SEPTEMBER 19, 2012 — Could the U.S. Coast Guard's next generation Offshore Patrol Cutter (OPC) have the characteristic Ulstein X-Bow? West Coast shipbuilding group Vigor Industrial is working to make that happen. It hopes to build the OPCs in its Portland Shipyard (the former Todd Pacific) to Ulstein SX151 design.
The Coast Guard plans to build up to 25 OPCs. They will replace the aging fleet of 210-foot and 270-foot Medium Endurance Cutters (WMECs), which are becoming increasingly expensive to maintain and operate and are, in many respects, says the Coast Guard, technologically obsolete.
According to the Coast Guard's Acquisition Directorate, the OPC Project is in the "Analyze/Select" phase of the acquisition process. The Coast Guard's OPC Mission Need Statement (MNS) and Concepts of Operation (CONOPS) have been developed and signed, and preparation of the Operational Requirements Document (ORD) has commenced.
"Several yards are currently sending their prospects to the Coast Guard. Towards the end of 2014 or beginning of 2015, the Coast Guard will award the contract," says Deputy CEO, Tore Ulstein, responsible for Market and Innovation in Ulstein Group.
"We have worked together with Vigor for two years, and have developed a concept we have great faith in," says Mr. Ulstein. "The ship is 100 m long and 16.4 m wide and has a top speed of 22 knots. A typical operating speed can vary from 5 to 22 knots, and the ship is therefore equipped with a combined diesel mechanic / diesel electric propulsion system. The ship accommodates 124 persons, is equipped with a helicopter deck and hangar, and a hangar for three rescue boats."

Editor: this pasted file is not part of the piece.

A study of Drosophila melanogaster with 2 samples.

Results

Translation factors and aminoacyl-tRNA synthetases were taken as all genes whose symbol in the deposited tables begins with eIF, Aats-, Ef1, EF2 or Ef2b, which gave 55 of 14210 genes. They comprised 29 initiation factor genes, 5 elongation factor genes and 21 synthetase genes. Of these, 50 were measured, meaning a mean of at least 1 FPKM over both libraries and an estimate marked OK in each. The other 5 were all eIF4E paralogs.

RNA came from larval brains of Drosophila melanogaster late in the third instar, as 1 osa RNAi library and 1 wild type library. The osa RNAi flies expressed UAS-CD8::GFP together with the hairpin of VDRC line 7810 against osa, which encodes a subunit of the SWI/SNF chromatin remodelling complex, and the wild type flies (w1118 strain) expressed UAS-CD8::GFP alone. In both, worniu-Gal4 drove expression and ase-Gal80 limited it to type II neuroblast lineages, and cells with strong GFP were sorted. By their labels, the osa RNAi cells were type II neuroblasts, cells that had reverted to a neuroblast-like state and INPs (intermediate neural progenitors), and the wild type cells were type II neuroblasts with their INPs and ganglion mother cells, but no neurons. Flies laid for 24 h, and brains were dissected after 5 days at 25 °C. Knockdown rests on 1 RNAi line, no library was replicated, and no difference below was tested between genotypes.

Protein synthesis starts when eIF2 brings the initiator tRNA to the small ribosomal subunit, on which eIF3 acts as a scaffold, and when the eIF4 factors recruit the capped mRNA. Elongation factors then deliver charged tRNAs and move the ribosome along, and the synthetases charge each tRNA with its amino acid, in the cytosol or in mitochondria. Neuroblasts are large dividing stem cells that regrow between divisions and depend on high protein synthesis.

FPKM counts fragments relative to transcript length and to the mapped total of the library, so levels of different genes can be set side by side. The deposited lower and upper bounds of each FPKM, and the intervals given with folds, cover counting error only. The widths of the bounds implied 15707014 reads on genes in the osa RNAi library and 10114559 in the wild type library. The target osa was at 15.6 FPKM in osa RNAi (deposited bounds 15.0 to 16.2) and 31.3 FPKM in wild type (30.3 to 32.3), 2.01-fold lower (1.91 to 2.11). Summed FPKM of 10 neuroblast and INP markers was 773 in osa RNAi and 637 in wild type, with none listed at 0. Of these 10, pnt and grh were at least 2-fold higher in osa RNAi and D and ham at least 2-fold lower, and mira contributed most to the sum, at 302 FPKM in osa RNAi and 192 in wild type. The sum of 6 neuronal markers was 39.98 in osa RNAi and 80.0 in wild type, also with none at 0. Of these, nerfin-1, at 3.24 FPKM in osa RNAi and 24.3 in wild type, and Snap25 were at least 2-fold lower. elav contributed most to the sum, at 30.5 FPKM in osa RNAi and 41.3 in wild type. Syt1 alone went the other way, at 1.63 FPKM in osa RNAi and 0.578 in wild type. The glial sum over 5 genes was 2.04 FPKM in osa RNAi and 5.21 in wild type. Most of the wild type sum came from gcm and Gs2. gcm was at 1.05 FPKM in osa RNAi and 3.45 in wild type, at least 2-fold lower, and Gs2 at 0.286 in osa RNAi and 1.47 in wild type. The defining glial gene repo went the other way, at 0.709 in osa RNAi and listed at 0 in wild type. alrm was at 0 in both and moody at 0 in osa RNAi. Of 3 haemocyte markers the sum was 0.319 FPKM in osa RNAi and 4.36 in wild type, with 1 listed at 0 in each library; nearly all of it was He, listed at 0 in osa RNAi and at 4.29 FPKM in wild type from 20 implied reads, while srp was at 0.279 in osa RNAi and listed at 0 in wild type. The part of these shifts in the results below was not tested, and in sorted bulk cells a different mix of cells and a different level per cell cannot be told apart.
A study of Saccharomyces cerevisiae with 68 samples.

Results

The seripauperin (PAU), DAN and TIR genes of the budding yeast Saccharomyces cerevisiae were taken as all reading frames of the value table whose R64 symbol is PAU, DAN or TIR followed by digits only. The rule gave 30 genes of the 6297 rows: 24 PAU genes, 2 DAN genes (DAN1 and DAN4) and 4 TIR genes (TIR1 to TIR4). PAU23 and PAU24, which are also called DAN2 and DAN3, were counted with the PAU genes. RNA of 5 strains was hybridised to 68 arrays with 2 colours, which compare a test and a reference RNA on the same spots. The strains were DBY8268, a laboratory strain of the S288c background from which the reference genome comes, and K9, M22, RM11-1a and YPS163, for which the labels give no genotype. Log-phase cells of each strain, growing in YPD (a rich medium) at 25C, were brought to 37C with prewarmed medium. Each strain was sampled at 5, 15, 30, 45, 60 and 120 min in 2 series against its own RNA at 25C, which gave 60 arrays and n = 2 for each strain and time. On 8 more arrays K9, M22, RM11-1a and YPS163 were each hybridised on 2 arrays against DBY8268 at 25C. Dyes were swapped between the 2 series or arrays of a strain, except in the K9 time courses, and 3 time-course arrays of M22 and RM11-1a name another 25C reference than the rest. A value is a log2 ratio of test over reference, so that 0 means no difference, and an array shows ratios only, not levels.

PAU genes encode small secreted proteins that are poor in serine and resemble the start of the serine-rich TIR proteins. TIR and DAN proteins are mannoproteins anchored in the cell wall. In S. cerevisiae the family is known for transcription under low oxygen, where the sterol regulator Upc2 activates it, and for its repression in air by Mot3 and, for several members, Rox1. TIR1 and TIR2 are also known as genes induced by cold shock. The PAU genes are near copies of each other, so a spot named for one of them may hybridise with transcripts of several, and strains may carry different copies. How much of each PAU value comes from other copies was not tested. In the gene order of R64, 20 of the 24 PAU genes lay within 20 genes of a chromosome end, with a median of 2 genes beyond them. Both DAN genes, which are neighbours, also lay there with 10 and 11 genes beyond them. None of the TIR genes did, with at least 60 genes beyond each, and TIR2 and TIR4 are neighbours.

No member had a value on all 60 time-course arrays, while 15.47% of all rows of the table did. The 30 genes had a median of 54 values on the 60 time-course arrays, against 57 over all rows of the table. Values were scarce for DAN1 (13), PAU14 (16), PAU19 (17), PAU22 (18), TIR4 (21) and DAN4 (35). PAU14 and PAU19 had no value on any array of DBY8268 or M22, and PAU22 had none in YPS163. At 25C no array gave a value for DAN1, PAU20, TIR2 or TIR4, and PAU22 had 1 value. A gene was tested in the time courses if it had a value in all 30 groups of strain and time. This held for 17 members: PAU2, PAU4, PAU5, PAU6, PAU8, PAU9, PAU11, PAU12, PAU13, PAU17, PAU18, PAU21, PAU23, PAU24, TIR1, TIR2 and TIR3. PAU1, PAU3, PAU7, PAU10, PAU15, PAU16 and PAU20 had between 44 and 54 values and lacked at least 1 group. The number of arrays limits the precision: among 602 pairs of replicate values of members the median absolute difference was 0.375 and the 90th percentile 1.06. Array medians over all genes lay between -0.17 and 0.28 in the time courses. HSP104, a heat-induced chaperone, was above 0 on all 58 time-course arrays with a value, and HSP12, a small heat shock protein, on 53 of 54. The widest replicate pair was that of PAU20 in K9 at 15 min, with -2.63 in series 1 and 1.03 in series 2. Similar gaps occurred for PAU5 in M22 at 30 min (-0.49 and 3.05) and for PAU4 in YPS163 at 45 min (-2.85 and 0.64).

Vigor says the Ulstein OPC's seakeeping improves offshore mission effectiveness through higher sustained speed, expanded operating envelopes for boats and helicopters, greater endurance and reduced crew fatigue.
It says the seakeeping performance of the X-Bow has been quantified through extensive model tests and validated in the actual performance of nearly 40 offshore vessels.
Vigor says its OPC is inherently producible and affordable.
- Simple hull curvature throughout reduces fabrication cost.
- At 328 feet, VIGOR OPC minimizes the need for shore infrastructure improvements.
- Larger internal volume eases constructions and maintenance.
- All accommodations are above the main deck.
- Upgrading a commercial vessel design to meet the Coast Guard's technical requirements is the affordable alternative to a conventional corvette or frigate.
Vigor has put together a team of Coast Guard Subject Matter Experts which, it says, "has a proven track record of consistently delivering superior project management, technical support and workmanship. The team brings 360 years of combined Coast Guard experience to our OPC design. They serve as a proxy for the Coast Guard from concept design through delivery, and are dedicated to delivering the most capable, cost effective OPC."
In addition to Ulstein Design and Solutions, Vigor's teaming partners on the OPC project are:
The Band Lavis Division of CDI Marine,a leading supplier of design, analysis, engineering and logistics services to the Coast Guard.
DRS Power and Control Technologies as Propulsion System partner, responsible for selecting, integrating and optimally automating critical propulsion and electrical equipment to eliminate risk in these mission essential systems.
L-3 Communications as electronics system integrator, bringing together the government's command and control, weapons and other selected systems with L-3's proven shipboard communications suite and integrated bridge system.